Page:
Jake Kasdan, son of one of the best screenwriters around, breaks into filmmaking by writing and directing this hard-to-categorize detective story. Part mystery, part comedy, part character study and part romance, for the most part Kasdan manages to combine the genres successfully and create a captivating film.
Daryl Zero (Bill Pullman) is a modern day Sherlock Holmes. The parallel is present down to his love of music (though Zero plays the guitar rather than the violin), and his addiction to drugs (amphetamines, rather than morphine). He even titles his cases with such Sherlockian epigrams as The Case of the Mismatched Shoelaces, The Case About the Man Who Lied About His Age, or The Case of the Hired Gun Who Made Way Way Too Many Mistakes.
However Zero’s observance of the fine art of detachment, though it makes him a brilliant private investigator, makes him somewhat of a self-imposed outcast in society. He could do nothing without the legwork of his trusty assistant Dr. Watson, I mean Steve Arlo (Ben Stiller).
Arlo is not happy with his job. He is thrilled to be around Zero’s brilliance, but his bizarre behavior, and strange requests, are frustrating to the former lawyer. And they’re even more so to his girlfriend, Jess (Angela Featherstone), who is fed up that her boyfriend’s boss means more to Arlo than her.
This is the situation when a new case comes knocking. Gregory Stark (Ryan O’Neill) hires Zero to find his lost keys. It seems that he kept a safety deposit box key on the ring, and the box apparently contains some incriminating evidence. Now, Stark is being blackmailed, and needs to reclaim his key before the nightmare can end.
To solve this case, Zero reluctantly crawls out of his shell. However, this is when he is vulnerable…and this time he falls for charms of a wily paramedic, Gloria Sullivan (Kim Dickens), who may be involved in the blackmail scheme. For the first time, Zero has to question his own objectivity, as he finds his client less and less sympathetic.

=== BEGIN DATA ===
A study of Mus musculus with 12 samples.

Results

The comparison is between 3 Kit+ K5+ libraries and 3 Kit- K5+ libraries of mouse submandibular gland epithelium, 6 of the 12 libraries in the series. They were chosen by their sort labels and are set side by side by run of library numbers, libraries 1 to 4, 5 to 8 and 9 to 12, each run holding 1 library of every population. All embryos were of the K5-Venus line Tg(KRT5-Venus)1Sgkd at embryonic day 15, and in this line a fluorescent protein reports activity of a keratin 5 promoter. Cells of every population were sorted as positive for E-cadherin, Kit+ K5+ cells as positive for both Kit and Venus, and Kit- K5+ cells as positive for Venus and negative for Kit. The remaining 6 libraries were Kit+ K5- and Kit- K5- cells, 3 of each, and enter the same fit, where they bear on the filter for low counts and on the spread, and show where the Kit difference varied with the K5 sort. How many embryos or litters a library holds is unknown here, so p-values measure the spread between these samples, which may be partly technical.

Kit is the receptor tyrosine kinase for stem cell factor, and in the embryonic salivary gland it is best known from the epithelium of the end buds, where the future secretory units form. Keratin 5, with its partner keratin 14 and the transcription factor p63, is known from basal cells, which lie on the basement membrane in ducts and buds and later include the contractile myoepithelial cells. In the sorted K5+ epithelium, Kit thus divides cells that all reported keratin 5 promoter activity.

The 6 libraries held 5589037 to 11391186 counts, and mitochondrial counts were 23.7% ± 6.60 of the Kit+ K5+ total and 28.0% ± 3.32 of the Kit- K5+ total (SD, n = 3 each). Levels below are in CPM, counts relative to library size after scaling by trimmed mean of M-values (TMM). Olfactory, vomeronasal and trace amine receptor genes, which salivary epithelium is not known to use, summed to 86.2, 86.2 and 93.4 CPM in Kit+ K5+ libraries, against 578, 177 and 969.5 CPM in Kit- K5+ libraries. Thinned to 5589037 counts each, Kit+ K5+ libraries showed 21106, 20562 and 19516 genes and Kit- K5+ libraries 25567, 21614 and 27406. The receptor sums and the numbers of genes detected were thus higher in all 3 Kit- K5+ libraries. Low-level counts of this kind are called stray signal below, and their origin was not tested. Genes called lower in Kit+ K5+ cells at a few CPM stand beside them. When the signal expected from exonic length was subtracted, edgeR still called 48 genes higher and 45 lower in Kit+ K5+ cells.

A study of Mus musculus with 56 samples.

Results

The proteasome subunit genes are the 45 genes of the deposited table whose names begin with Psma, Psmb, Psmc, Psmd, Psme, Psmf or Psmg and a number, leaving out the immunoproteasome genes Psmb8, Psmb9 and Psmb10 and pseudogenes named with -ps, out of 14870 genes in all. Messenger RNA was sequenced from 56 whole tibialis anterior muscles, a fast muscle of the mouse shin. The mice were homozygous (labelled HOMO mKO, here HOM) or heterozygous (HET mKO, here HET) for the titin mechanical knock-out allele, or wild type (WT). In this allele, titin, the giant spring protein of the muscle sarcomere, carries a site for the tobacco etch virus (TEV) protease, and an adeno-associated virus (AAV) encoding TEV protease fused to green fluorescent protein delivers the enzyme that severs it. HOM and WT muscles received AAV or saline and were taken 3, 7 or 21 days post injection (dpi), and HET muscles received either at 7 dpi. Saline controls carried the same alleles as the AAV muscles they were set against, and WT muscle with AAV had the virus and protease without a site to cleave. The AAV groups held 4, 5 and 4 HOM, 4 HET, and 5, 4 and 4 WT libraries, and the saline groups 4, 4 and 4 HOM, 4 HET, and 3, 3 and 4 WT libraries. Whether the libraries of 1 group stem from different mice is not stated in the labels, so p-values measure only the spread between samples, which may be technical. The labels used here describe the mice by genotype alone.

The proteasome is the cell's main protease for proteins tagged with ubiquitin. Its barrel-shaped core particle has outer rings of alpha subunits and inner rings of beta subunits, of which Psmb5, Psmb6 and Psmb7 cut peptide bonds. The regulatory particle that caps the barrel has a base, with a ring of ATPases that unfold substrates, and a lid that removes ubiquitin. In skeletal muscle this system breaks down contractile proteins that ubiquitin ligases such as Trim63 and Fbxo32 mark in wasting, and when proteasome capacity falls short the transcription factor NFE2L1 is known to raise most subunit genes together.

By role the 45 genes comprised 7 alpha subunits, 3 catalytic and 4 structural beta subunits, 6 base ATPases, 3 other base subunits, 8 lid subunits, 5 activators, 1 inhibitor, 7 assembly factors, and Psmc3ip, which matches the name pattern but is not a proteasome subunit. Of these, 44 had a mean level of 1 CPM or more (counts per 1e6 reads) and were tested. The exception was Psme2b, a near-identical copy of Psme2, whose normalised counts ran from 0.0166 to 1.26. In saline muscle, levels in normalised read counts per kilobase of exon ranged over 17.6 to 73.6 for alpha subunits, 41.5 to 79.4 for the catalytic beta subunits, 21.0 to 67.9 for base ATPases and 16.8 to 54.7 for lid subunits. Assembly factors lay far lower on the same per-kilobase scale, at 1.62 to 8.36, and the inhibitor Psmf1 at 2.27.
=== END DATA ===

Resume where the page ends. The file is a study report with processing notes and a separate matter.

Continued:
Zero Effect is weakest in its obviously “wacky” scenes depicting Daryl Zero’s odd behavior. Such scenes might be appropriate in an out-and-out satire, making Zero an Ace Ventura-ish character. However, there’s a much meatier movie in here…it just takes a while to get out.
That’s not to say that there’s not a place for humor in this film. In fact, some of the best scenes are Ben Stiller’s wonderfully underplayed comic moments of absolute disgust and frustration with his employer. However, the over-the-top scenes never quite gel with the rest of the film, and they aren’t funny enough to stand on their own.
Once the investigation is underway, however, Zero’s brilliance really begins to shine. His lightning quick inferences are as fascinating as many of Sherlock’s own. As the mystery begins to unfold, Zero’s deductions lead the plot in interesting directions, but never lose the viewer.
Zero Effect works well during its romantic scenes as well. Zero’s relationship with Gloria is low-key, but it hits all the right notes. However, we are always kept distant from Gloria’s character. She’s given plenty of development, but we never understand what she is thinking. Perhaps that may be intentional: to place the audience in Zero’s zone of detachment. But, on the whole, it is frustrating.
Bill Pullman, when he’s not spacing out, creates a vibrant character in Daryl Zero. There’s one moment when Zero briefly connects to the world which he has managed to detach from for many years, and it is shockingly moving…expressing a seriousness that heretofore was unassociated with the character, but one which fits in well. And, although it is sometimes hard to take a detective called “Zero” seriously, it is at this moment that the viewer understands the meaning behind the name.
Although Zero Effect is a bit awkward in places, it is a strong debut for Kasdan, and shows great promise.